September 8, 2005
Contacts: Susan Aspey or Sarah Sauber|
Mrs. Laura Bush and U.S. Secretary of Education Margaret Spellings today announced Judy Kinley of Lovejoy Elementary as Iowa's American Star of Teaching in a surprise ceremony. Kinley is a master math educator for Lovejoy Elementary and Des Moines Public Schools.
"Kinley represents those professionals who see teaching as a calling, not a job," Secretary Spellings said. "No Child Left Behind is working. The data show we are closing the achievement gap and seeing results. Teachers are an integral part of that success, and we salute them for their hard work and commitment to education."
Lovejoy Elementary School is located on the south side of Des Moines. A Title I school with almost 70 percent of its students receiving free or reduced-price lunch, Lovejoy met its state-set achievement goals, or Adequate Yearly Progress, this year. With over 400 students, almost 40 percent of them are Hispanic, 5 percent are African-American, 4.6 percent are Asian, and 53.4 percent are white.
Judy Kinley is one of the many excellent teachers in Iowa who has high expectations for all students and believes all children can achieve. An experienced elementary math teacher, Kinley has taken the lead in standardizing math education at three Des Moines Public Schools targeted by a Title III grant to increase achievement with English language learners. She is considered a master educator, modeling math teaching in classrooms and mentoring other teachers. She also organizes family math nights to involve parents in math lessons. At Lovejoy, all students in grades 2, 3, 4, and 5 reported gains on the district' criterion referenced tests.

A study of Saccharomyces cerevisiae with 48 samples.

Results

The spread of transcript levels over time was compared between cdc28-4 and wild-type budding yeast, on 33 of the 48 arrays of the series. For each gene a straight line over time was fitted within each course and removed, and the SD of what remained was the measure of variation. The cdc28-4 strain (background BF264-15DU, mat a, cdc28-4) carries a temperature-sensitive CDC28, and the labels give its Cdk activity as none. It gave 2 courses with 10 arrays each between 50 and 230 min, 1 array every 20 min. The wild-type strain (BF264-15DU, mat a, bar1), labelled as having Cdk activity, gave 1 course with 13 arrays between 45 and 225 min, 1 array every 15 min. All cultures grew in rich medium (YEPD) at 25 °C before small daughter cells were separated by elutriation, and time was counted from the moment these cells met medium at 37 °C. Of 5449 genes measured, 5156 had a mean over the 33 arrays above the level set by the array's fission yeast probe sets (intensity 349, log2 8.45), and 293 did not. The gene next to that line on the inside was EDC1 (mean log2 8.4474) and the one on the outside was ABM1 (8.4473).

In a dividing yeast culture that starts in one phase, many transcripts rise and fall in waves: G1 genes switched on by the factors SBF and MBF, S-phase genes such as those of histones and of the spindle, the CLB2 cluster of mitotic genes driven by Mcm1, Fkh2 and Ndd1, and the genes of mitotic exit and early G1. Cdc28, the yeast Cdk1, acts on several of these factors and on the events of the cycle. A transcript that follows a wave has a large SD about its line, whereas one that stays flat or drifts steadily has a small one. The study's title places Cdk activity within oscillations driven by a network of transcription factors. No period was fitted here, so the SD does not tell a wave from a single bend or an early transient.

One teacher from every state and the District of Columbia representing all grade levels and disciplines will be honored this fall as a No Child Left Behind 2005 American Star of Teaching. A committee of former teachers at the U.S. Department of Education selected the American Stars from among 2,000 nominations based on their success in improving academic performance for all their students.
Begun in 2004, the American Stars of Teaching recognition effort is part of the U.S. Department of Education's Teacher-to-Teacher Initiative, which includes teacher workshops, teacher and principal roundtables, regular e-mail updates, and free online professional development. More than 4,500 teachers have participated in workshops and roundtable discussions.
President Bush and Congress have provided an unprecedented $16.1 billion in federal funding since 2001 to support the teaching profession. In addition, the House of Representatives recently approved $100 million in funding for President Bush's Teacher Incentive Fund to reward K-12 educators who make outstanding progress in raising student achievement or narrowing the achievement gap. The Teacher Incentive Fund is also a proposed provision of a Higher Education Act reauthorization bill, which would also make permanent student loan forgiveness available for such teachers.